ISRO's GSLV D5 successfully launches GSAT-14

MUMBAI: The first time it was about to launch in august 2013 a technical snag forced an abortion. But now Indian Space Research Organisation's (ISRO) twenty third communication satellite GSAT-14 has been successfully launched on 5 January 2014 from launch vehicle Geosynchronous Satellite Launch Vehicle GSLV-D5 that is using an indigenous cryogenic engine for the first time. The launcher propelled the satellite into a Geosynchronous Transfer Orbit (GTO) after which it used its own propulsion system to settle itself at 74 degrees east longitude orbit.

The mission was an important one for ISRO since India has been developing cryogenic engines or two decades but till now had been dependent on Russian ones. This launch puts India at a prominent position in space science at par with countries like the US and Russia. Previous attempts at launches using a cryogenic engine have ended up in a mess. The launch that was telecast live on DD National saw the rocket being propelled up into space with each stage crossing at its intended time. 

''Team ISRO has done it. The cryogenic engine has performed as predicted and injected GSAT- 14 in the intended orbit. This is an important day for science and technology and space technology in the country. 20 years of our effort in realising an indigenous crygoenic engine has now fructified. We have put in excruciating efforts of three and a half years after test flight of cryogenic stage in 2010,'' said an ecatatic ISRO chairman K Radhakrishnan as the whole team rejoiced  when the the cryogenic stage was initiated and completed and years of ISRO's hard work paid off. The launch cost approximately Rs 370 crore.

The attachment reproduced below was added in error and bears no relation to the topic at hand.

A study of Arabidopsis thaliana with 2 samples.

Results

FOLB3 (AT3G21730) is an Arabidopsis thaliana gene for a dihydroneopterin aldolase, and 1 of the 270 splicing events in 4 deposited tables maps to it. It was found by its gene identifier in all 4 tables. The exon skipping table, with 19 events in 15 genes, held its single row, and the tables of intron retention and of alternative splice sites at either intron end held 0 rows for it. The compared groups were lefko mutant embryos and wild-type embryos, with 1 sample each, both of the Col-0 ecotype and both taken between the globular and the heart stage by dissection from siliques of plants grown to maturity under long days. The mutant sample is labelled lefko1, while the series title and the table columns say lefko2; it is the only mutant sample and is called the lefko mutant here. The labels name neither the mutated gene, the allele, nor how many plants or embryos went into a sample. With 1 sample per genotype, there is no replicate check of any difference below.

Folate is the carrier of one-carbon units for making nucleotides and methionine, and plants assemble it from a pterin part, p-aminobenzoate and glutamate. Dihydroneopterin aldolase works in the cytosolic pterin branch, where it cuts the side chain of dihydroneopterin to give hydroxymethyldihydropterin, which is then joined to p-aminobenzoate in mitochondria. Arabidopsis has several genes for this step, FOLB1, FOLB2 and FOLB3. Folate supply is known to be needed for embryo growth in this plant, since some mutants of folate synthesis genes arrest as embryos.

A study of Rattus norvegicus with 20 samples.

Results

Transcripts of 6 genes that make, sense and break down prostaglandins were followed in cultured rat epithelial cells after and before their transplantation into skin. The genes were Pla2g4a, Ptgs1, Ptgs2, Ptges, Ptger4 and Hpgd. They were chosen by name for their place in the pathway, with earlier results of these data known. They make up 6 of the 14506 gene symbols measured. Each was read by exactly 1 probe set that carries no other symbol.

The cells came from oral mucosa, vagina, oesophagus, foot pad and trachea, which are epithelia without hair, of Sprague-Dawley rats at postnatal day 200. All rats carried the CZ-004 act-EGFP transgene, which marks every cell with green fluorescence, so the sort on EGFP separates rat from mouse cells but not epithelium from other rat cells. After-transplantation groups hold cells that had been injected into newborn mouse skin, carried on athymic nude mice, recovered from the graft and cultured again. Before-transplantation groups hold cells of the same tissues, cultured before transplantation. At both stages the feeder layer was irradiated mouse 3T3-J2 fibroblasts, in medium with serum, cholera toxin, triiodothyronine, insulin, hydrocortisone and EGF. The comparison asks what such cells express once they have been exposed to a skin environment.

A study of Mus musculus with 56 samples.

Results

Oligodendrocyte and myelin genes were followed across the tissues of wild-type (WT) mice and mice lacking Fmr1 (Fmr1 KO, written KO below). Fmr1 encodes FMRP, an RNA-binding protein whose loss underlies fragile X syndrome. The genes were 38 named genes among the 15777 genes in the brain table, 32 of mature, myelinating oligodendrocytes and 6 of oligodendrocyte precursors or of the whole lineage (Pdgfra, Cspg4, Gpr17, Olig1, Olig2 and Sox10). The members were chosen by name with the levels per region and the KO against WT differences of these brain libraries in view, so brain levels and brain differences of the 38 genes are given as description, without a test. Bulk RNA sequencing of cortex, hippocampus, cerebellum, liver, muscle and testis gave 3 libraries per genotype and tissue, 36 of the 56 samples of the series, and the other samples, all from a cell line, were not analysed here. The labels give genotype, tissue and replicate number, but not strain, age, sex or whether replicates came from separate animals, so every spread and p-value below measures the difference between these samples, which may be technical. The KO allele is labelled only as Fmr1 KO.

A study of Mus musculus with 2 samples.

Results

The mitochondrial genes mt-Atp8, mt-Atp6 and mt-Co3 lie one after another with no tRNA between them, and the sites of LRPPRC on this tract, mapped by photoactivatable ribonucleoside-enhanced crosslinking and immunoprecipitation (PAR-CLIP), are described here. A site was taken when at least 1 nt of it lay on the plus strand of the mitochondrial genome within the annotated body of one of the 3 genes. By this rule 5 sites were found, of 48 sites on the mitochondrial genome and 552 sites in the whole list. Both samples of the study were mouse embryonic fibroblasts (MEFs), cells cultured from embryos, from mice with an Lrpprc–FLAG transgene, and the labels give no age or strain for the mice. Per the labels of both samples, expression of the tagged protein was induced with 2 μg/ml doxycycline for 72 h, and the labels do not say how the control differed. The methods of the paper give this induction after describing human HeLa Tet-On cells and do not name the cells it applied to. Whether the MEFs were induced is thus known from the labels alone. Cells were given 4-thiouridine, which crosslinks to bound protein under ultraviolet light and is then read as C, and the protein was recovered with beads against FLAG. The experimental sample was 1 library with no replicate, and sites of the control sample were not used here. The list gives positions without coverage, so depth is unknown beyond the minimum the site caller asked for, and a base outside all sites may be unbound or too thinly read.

The previous attempt to blast off GSLV into space was aborted following a fuel leak in its engine that developed hours before launch. ISRO worked on it and gave it a better metal covering following which it decided to give it another shot. A three stage rocket- the first stage runs on solid fuel, second on liquid fuel and third on the cryogenic engine - the GSLV-D5 carried the 1982 kgs GSAT-14 to replace GSAT-3 that wa decomissioned in 2010.

The new satellite's structure is based on ISRO's two ton weighing (I-2k satellite bus). The satellite has six Ku band transponders (51.5 dBW EOC-EIRP), six C band transponders (36 dBW EOC-EIRP) and 2 Ka band transponders and will be co-located with INSAT-3C, INSAT-4CR and KALPANA-1.

A 29 hour countdown began at 11: 16 am on 4 January and the launch was at 4: 18 pm on 5 January from the Satish Dhawan Space Centre at Sriharikota in Andhra Pradesh. The 17 minutes and 8 second flight launch is the first of 2014 after the postponement of Space X's launch of Thaicom-6 from 3 January to between 6 to 9 January. The Elon Musk backed company decided to go in for a later liftoff as problems had emerged with Falcon-9 rocket's fairing.

This mission is likely to have a beneficial spinoff. It could lead to orders to build more rockets that can carry payloads of up to 5 tonne to Lower Earth Orbit. Till now ISRO has been using Polar Satellite Launch Vehicle (PSLV) that carries loads of around a tonne.